1. A firm's production possibilities set contains all of the input-output combinations that are possible given the firm's technology.
    2. A production method is efficient if there is no way to produce larger amounts of outputs using the same amounts of inputs. A firm's efficient production frontier contains all of the input-output combinations that can be achieved using efficient production methods. It can be described using a production function, a function of the form Output =F(Inputs).
  2. Production with one variable input and one output
    1. The average product of labor is equal to the amount of output divided by the number of workers employed, Q/L =F(L)/L.
    2. The marginal product of labor is equal to the extra output produced by adding the marginal units of labor ΔL—the smallest amount of labor the firm can add or subtract—divided by the number of units added, [F(L)-F(L - ΔL)]/ΔL.
    3. When the marginal product of labor is (bigger than/less than/equal to) the average product of labor, the average product is (increased by/decreased by/unchanged by) the marginal units of labor.
    4. A multiplant firm can use the marginal product of labor to assign workers to its plants to maximize the amount it produces from any given amount of labor. If at each plant the marginal product of labor falls when more workers are assigned to the plant, then the best assignment of workers equalizes the plants' marginal products.
  3. Production with two variable inputs and one output
    1. An isoquant contains all of the input combinations that produce a given amount of output.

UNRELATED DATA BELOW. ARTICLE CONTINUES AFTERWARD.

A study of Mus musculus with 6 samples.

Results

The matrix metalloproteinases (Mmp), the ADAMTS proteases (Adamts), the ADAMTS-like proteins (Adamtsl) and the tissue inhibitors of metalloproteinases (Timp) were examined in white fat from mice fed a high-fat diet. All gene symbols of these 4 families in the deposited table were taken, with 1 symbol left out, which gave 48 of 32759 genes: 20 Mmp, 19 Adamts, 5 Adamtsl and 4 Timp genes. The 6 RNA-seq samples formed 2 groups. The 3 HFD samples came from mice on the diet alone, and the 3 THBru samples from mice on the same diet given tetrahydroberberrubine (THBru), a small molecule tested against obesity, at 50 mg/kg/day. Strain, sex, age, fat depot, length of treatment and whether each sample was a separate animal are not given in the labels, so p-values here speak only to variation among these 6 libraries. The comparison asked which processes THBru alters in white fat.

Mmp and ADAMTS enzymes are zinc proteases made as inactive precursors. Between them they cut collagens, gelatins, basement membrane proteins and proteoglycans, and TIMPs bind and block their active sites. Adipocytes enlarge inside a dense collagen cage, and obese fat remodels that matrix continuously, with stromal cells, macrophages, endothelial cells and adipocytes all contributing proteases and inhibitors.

2. Isoquants are thin and do not slope upward. They separate input combinations that produce larger and smaller amounts of output than the combinations on the isoquant. Isoquants from the same technology do not cross and higher level isoquants lie farther from the origin.
    3. The marginal rate of technical substitution for input X with input Y (MRTSXY) is the rate (-ΔY/ΔX) at which the firm must add units of Y to keep output unchanged when the amount of input X is reduced by a small amount. It is equal to the marginal product of X divided by the marginal product of Y, MRTSXY= MPX/MPY.
    4. A technology using inputs X and Y has a diminishing marginal rate of technical substitution if MRTSXYdeclines as we move along an isoquant increasing input X and decreasing input Y.
    5. Technologies differ in how much the MRTS changes as we move along an isoquant. At one extreme, inputs may be perfect substitutes, at another extreme, perfect complements. An intermediate case is the Cobb-Douglas production function Q = F(L, K) = ALα Kβ, whose MRTS changes gradually as we move along an isoquant.
  4. Returns to scale
    1. Economists determine whether large or small firms produce more effectively by examining returns to scale.
    2. A firm has (constant/increasing/decreasing) returns to scale if a proportional change in all inputs leads to (the same/a greater than/a less than) proportional change in output.
    3. Increasing returns to scale arise because of the specialization of inputs as well as certain physical laws. The reasons we observe decreasing returns to scale are more elusive. They include the presence of implicitly fixed inputs, and bureaucratic costs.
  5. Productivity differences and technological change
    1. A firm is more productive, or has higher productivity, when it can produce more output using the same amount of inputs. Higher productivity corresponds to an upward shift in a firm's efficient production frontier, an increase in its production function at every input combination.
    2. Intellectual property protection (patents) helps provide incentives for firms to innovate, although at the cost of creating monopoly power.